As LinkedIn prepares to sell its stock to the public, the social network for professionals is warning of a potential threat to its business: Internet privacy laws.
In a filing with the Securities and Exchange Commission this month, the start-up said a push by federal regulators to create privacy rules “could deter or prevent us from providing our current products and solutions to our members and customers, thereby harming our business.”
Silicon Valley is on alert. As federal officials move closer to creating Internet privacy laws, companies that have enjoyed the freewheeling nature of the Internet find themselves under increased scrutiny.
Google, Facebook and marketer Epsilon are among the world’s biggest repositories of digital information, and the giants have long lobbied against privacy laws that would curb their ability to collect and share data. To do so would limit their business prospects, they say, and they argue that consumers want advertisers to slice and dice data to serve up more relevant ads.
Now those concerns are rippling across the entire Internet industry.
“No matter what size the company, they are seeing how a government inquiry can shut down a business or affect the future of others,” said Hemanshu Nigam, founder of the privacy consulting firm SSP Blue and former privacy head for MySpace. “Privacy is now a line item in business plans.”
That’s a change of pace for Web entrepreneurs, who are typically given a long leash by regulators to plug away at new technologies without the distraction of politics and policy in Washington.
But in the past year, Silicon Valley firms have seen a bevy of Web companies swept into federal investigations of alleged consumer protection violations and fraud.
This week, Internet radio site Pandora revealed that it was called into a broad federal grand jury investigation into the alleged illegal sharing of user data by a number of firms that create apps for the iPhone and Android devices. Days earlier, Google settled with the Federal Trade Commission on charges it exposed data through its Buzz social networking application without the permission of users. Last year, Twitter settled with the agency after an investigation found the micro-blogging site’s loose security allowed hackers to access user information.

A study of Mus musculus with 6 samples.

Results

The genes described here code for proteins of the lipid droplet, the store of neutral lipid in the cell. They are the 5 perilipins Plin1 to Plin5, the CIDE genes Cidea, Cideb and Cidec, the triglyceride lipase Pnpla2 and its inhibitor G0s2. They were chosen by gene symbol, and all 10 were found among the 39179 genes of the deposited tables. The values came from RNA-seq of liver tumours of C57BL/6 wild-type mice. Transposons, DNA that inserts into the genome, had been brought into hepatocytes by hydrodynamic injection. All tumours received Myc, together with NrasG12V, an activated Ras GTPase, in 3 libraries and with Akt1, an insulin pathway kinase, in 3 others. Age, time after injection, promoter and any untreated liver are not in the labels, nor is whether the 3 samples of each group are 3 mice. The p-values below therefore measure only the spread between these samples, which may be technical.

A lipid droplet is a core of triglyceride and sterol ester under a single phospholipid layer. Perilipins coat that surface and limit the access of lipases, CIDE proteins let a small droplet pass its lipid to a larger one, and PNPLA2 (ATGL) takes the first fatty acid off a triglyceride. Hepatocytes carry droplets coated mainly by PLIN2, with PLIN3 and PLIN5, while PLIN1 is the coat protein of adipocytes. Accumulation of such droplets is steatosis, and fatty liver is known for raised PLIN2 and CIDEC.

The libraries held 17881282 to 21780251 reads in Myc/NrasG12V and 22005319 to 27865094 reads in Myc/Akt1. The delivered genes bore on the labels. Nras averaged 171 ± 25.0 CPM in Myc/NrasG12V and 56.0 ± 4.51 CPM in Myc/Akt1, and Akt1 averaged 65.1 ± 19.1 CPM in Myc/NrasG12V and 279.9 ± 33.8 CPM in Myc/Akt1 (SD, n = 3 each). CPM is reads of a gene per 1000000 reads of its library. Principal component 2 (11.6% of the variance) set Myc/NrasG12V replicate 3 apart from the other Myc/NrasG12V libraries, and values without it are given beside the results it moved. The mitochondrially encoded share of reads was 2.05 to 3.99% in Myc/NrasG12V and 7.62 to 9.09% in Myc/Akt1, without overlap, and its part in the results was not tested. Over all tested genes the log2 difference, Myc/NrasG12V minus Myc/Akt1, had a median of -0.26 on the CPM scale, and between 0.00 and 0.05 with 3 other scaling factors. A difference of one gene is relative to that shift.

The damage from those investigations comes in the form of legal costs and, in the case of Google, the mandate of regular privacy audits. But the bigger worry is how those inquiries hurt reputation, said venture capital investor Raj Kapoor of the $2.8 billion Mayfield Fund.
These days, he said, privacy policies have become integral to his decisions about new tech investments. He’s seeing start-ups with just a handful of employees appoint a privacy officer to ensure new products and services are designed with data protection in mind.
Google said last June it had appointed a director of privacy. Yahoo and Microsoft also have chief privacy officers.
“It’s just good business because it engenders customer loyalty,” Kapoor said. “If we don’t make these efforts. the government will enforce regulation, and as much as the private sector can do on our own, the better.”
The FTC wants to create a “Do Not Track” requirement for Web sites. That would allow users to block advertisers from following their movements online.
The idea “could significantly hinder our ability to collect and use data relating to listeners,” Pandora warned in its filing with the SEC.
But companies fighting new rules face a difficult battle as more privacy breaches are found.
This week, Sen. Richard Blumenthal (D-Conn.) asked U.S. Attorney General Eric H. Holder Jr. to investigate a data leak by Epsilon, an e-mail marketing firm, that exposed information about millions of consumers. The Federal Communications Commission is investigating Google for vacuuming up Wi-Fi user data by cars used to take photos for its Street Views mapping application.
The incidents, privacy advocates say, underscore the need for basic Internet privacy rules. They want the FTC to take a stronger hand in enforcement and are seeking to prevent companies from tracking users online, particularly through location-based services. They want companies to purge the information they collect within months and not share that data with advertisers and apps developers.
But the buying habits, music preferences, demographics and location of users are the kinds of rich details advertisers hunger for as they seek to increase the likelihood an ad for Weight Watchers or Mercedes-Benz will reach the right demographic and turn into real purchases.
Naveen Selvadurai, a founder of Foursquare, said he’s concerned new rules would not take into consideration technologies being developed to help solve security and privacy concerns.
He said keys have been developed in place of passwords for added security. Browser companies such as Mozilla and Microsoft have implemented their own “Do Not Track” technologies that block Web sites from following user activity.
On Foursquare, users’ locations are identified only when a user actively “checks in” to a location, unlike other services that constantly follow users through global positioning services.
“My main concern is that I don’t want people to misunderstand what they are applying rules to,” said Selvadurai. “Many interesting things can be done without over-reaching laws that aren’t fully thought out on the technology side.”